Discipline vs Habitual Behaviors
I was born in a messy country; one in which every solution has a problem -Yes, you read well. – and is quite easy to find yourself having to come up with answers glued with duck-tape and last-minute deliveries freshly baked with sweat and very creative ingredients.
Once my school got chosen for a state sports event by mistake. Despite the fact that we didn’t have a gymnastics or track and field team a month or so prior to the events; our principal signed up. Go figure!
The coach went nuts, of course; he got some of his athletes from the Volleyball and Basketball teams to apply for the madness and_ me.
I had no experience or training. In two weeks, I had to learn the basics of running the dash, throwing the javelin, and high jump techniques; plus, the obligatory gymnastics floor, balance rail and pommel horse routines for beginners.
How on earth, did they sign to enter a state competition with a less than a month for training?
Bear in mind that in some parts in Latino America, representing your school in competition is not the same as Varsity sports in the USA (which involved colleges/universities at the highest levels). It would be more alike those Club teams that any student can join based on his/her athletic abilities/interests; and where competitions are arranged by groups of institutions. Because the student’s involvement is recreational in nature, there is less pressure regarding meeting training and academic demands.
Why didn’t they stop me from doing it?
Not everybody would sign for a killer adventure involving painful extra hours under pressure. I suppose they were desperate! The blissfully unaware adventurer who didn’t know what it meant to get there; but loved the opportunity to experience and learn something new; jumped in! Logic wasn’t enough to stop me from stretching and strengthen muscles unmercifully and to change my diet! Yes, I was completely out of my mind!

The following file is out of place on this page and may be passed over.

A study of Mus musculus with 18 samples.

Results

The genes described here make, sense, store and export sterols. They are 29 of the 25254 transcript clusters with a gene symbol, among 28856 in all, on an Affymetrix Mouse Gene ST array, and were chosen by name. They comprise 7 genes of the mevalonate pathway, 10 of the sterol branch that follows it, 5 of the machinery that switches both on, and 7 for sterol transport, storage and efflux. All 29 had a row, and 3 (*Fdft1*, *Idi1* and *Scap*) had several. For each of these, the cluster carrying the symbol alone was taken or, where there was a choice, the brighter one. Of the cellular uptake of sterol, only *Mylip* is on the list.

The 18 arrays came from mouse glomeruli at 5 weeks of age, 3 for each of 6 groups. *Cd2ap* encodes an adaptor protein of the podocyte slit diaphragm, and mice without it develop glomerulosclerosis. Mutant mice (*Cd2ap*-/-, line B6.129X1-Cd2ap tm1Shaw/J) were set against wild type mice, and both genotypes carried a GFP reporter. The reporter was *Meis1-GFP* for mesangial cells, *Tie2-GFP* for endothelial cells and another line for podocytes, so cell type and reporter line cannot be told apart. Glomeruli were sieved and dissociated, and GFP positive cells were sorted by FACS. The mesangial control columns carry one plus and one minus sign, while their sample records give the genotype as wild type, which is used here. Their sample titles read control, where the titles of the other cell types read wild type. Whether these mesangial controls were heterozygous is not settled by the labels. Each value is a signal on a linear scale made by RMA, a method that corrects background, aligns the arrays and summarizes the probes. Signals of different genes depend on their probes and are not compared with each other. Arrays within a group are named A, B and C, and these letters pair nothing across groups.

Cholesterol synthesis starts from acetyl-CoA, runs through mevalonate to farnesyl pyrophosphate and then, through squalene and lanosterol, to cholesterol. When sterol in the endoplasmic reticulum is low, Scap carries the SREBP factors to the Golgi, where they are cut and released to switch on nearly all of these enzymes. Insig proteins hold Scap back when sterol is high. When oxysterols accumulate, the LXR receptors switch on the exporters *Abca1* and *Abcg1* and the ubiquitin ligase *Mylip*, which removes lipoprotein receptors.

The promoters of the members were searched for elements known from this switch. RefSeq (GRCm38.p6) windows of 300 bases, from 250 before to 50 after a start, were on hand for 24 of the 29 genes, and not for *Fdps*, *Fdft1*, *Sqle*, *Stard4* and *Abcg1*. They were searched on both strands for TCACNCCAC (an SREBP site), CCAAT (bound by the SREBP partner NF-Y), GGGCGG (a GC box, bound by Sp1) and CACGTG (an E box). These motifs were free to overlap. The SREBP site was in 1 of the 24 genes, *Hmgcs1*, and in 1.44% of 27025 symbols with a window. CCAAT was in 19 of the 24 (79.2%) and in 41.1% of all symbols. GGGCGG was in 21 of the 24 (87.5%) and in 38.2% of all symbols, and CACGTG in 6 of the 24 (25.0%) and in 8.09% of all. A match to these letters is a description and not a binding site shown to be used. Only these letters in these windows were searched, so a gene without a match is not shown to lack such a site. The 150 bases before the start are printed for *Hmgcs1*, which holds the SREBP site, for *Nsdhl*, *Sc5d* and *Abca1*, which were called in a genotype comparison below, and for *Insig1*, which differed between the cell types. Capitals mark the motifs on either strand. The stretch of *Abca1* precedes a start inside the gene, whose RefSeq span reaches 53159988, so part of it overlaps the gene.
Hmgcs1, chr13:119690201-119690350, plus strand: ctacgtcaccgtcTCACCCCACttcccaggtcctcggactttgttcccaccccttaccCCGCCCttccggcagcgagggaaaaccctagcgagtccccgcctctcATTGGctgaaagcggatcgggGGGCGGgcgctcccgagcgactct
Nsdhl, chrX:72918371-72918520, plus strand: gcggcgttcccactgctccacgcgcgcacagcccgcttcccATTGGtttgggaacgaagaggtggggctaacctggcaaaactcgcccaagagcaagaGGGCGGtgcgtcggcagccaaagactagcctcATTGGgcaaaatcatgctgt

That I sucked at gymnastics would be an understatement. I’m not naturally flexible. I learned my simple routines, performed them as best as I could, fell and got up and went home. The next week, I threw the javelin and jumped- I was much better here- and got someone in the dash to lend me a pair of running shoes. When the gun went off, I ran for dear life. Once done, and completely oblivious to the fact that I have won, I gave back the shoes and thanked my benefactor.
The next day I had to run the final -in my own shoes. I looked at the coach and told him, “I can’t do this, yesterday was sheer luck!” He pushed a bit of glucose in my mouth and answered; “go to your block and get ready to run.”
Those shoes got a gold medal in the short sprint race and an invitation to join the national team. They said no. My coach furious and I was disappointed; nevertheless, something else was born this day.
That experience showed me how much I loved to learn; to achieve something that seemed impossible. One of the participants was a member of the Gymnastic team of a gorgeous campus near home. I was able to train there when it was empty. I practice my small routines, force my body to do those things it rebelled against and saw improvement. I still sucked at Gymnastics, but those things I set myself to do, I mastered.
What does this have to do with discipline?
This was an out of the blue event that filled me with awe; I felt a deep desire to master those activities and applied myself totally to the task. I didn’t care how many hours it would require, the effort, the frustration of being on my own or the lack of resources and talent. Those things- movement and choreography, were beautiful and I wanted to be part of it, no matter what others had to say about it.
Discipline was a path to achieve what I’ve been told I couldn’t do, a compass to fulfill the desire to be part of something beautiful. Disciplined helped me oversee my limitations, turning them into “I can”. And just then every milestone was ignited with passion and trust.